The following post is from Innovacorp investment manager DAWN UMLAH. The post also appears on Dawn's personal blog, DAWN UNFILTERED, which you should check out regularly for her insights and tales about the VC and technology worlds she lives in.
Multiples can influence the perceived value for an investor and the actual valuation of your company in significant ways, and you should know why.
There are numerous ways to value an early stage tech company. I won’t get into the various methods in this post, but you can check out an OVERVIEW PREPARED BY A COLLEAGUE OF MINE, GREG PHIPPS.
One such method is using multiples – either as a multiplier of a company’s EBITDA or revenue (typically more prevalent in earlier stage companies because they don’t have a long operating history and more important, their EBITDA is negative). You want the highest multiplier possible.
What drives a higher multiple?
Short answer: Everything.
- Large market
- High customer growth
- High revenue growth
- Sustainable competitive advantage with high barriers to entry
- High switching costs or some other lock-in provision (aka stickiness) – You want to keep your customer with you in a way they are comfortable with. It could be through a closed system, with nothing coming in or out without your involvement and approval (think Apple), but this is falling out of favour with customers, so ensure your approach is something your customers are ok with. Your churn rate is a good indicator of your stickiness. Simply put: high churn rate = low switching cost = lower multiple.
- Network effects – The more customers or users you have, the more valuable your company is to each incremental customer and as a whole (think Facebook & Snapchat). It’s not very fun or valuable talking to yourself or being limited in your reach.
- Predictability and reliability – The more predictable and reliable your revenue and expenses are, the higher your multiple. For example, SaaS models get a higher multiple than those businesses where you have to continually win your business for each sale (think traditional software sales).
- Being the centre in a connected system – Bring together various elements of a tech stack or disparate ecosystem, make them work collectively and be the central go-to interface. Think centralized access point and APIs. Being the go-to-gal or -guy = power.
- High gross margin – You sell your product for a lot more than it costs you to make it.
- Ability to scale profitability – I’m going to explain this a few ways, as this is a principle I find people aren’t very comfortable with. Scaling profitably means your revenue increases at a higher rate than your costs as you grow. As you grow your revenues, your profit margin increases; more hits the bottom line. (See below for a quantitative example.)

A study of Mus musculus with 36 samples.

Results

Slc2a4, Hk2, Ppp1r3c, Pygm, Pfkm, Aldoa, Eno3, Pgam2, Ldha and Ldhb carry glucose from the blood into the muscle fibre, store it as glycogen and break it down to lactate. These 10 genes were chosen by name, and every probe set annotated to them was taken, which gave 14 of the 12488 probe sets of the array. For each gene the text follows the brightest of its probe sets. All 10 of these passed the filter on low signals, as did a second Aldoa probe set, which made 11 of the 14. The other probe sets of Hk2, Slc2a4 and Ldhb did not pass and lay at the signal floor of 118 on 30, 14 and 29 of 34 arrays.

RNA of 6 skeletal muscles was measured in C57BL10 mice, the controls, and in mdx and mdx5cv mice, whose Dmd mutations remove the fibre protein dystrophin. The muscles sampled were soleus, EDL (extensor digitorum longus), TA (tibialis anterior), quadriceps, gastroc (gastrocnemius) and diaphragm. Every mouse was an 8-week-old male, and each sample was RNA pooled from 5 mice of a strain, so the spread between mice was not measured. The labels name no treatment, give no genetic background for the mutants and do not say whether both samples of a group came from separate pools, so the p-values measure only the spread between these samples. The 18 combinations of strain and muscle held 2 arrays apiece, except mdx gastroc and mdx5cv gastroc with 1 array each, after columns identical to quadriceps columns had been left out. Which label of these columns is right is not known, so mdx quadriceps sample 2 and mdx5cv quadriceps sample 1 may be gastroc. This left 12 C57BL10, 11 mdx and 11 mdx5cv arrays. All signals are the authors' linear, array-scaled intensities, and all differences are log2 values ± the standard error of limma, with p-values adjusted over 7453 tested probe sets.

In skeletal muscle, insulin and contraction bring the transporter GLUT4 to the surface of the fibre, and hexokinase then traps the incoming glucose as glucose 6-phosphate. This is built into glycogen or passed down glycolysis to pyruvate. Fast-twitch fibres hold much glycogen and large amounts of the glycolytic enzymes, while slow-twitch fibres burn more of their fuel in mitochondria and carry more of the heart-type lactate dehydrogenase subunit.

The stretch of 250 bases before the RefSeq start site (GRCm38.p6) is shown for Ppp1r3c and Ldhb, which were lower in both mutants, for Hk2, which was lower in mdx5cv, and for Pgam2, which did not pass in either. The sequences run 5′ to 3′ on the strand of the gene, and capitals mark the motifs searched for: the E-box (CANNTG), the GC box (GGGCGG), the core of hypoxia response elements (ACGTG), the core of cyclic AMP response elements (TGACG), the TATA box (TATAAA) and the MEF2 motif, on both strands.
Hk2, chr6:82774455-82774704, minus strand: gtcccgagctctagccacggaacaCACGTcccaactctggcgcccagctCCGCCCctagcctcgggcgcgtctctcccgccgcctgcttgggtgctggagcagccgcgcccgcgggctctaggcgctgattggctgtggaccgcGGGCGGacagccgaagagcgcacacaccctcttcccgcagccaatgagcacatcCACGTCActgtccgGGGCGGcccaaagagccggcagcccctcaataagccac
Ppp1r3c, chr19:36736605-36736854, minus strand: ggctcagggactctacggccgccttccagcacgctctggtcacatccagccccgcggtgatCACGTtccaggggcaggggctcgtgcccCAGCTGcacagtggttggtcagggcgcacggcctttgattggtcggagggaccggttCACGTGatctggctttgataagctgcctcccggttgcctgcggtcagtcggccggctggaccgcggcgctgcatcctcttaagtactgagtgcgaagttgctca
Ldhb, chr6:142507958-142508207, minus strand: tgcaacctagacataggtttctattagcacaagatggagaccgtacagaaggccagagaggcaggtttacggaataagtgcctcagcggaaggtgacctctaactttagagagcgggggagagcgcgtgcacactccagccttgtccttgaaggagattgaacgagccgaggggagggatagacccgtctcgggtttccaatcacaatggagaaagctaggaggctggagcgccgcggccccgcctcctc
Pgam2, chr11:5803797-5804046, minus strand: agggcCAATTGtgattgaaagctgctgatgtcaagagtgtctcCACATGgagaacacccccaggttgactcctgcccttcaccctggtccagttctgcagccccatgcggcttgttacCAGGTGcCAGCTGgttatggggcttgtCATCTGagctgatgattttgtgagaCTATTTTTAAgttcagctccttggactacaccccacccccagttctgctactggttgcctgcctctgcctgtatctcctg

One typical driver of scalability in tech companies is the cost to acquire a customer. Do you have a large enterprise sales team or do you spend massive amounts of money on marketing to reach your customers? If so, your ability to scale profitably is reduced.
- Lower capital expenditure costs – Everything else being equal, the company with lower capital intensity will have a higher multiple.
- Fewer dependencies on others – Dependencies can take many forms. If you have a low revenue/customer concentration, you have numerous customers and are not dependent on one or two customers for a significant part of your revenue. This is good. Dependencies can also be in the form of reliance on partnerships. What’s really yours in the partnership and how much power do you have in the relationship?
- Oh, and being in a sexy, hot space helps!
In simple terms, your multiplier boils down to power, scalability and opportunity.
Early stage tech note: These multiple drivers won’t all translate 1:1 for you and you likely don’t have all of these elements planned out tactically, but you should think about them as you design and build your company. Interpret and extrapolate them for where you are today and more important, what you will build your company to be.
Thinking of these elements also helps you determine your funding path. Typically, VCs invest in high multiple companies, family offices invest in mid-range and lower multiples, and angels invest across all multiples. VCs can straddle the line depending on their investment thesis, the return requirements of their LPs and/or the stage of their fund. Another general rule: the more capital you require and/or the longer your exit or growth path, the higher your multiple needs to be for VCs to be interested.
For extra credit, you can read FRED WILSON’S DETERMINING VALUATION MULTIPLES.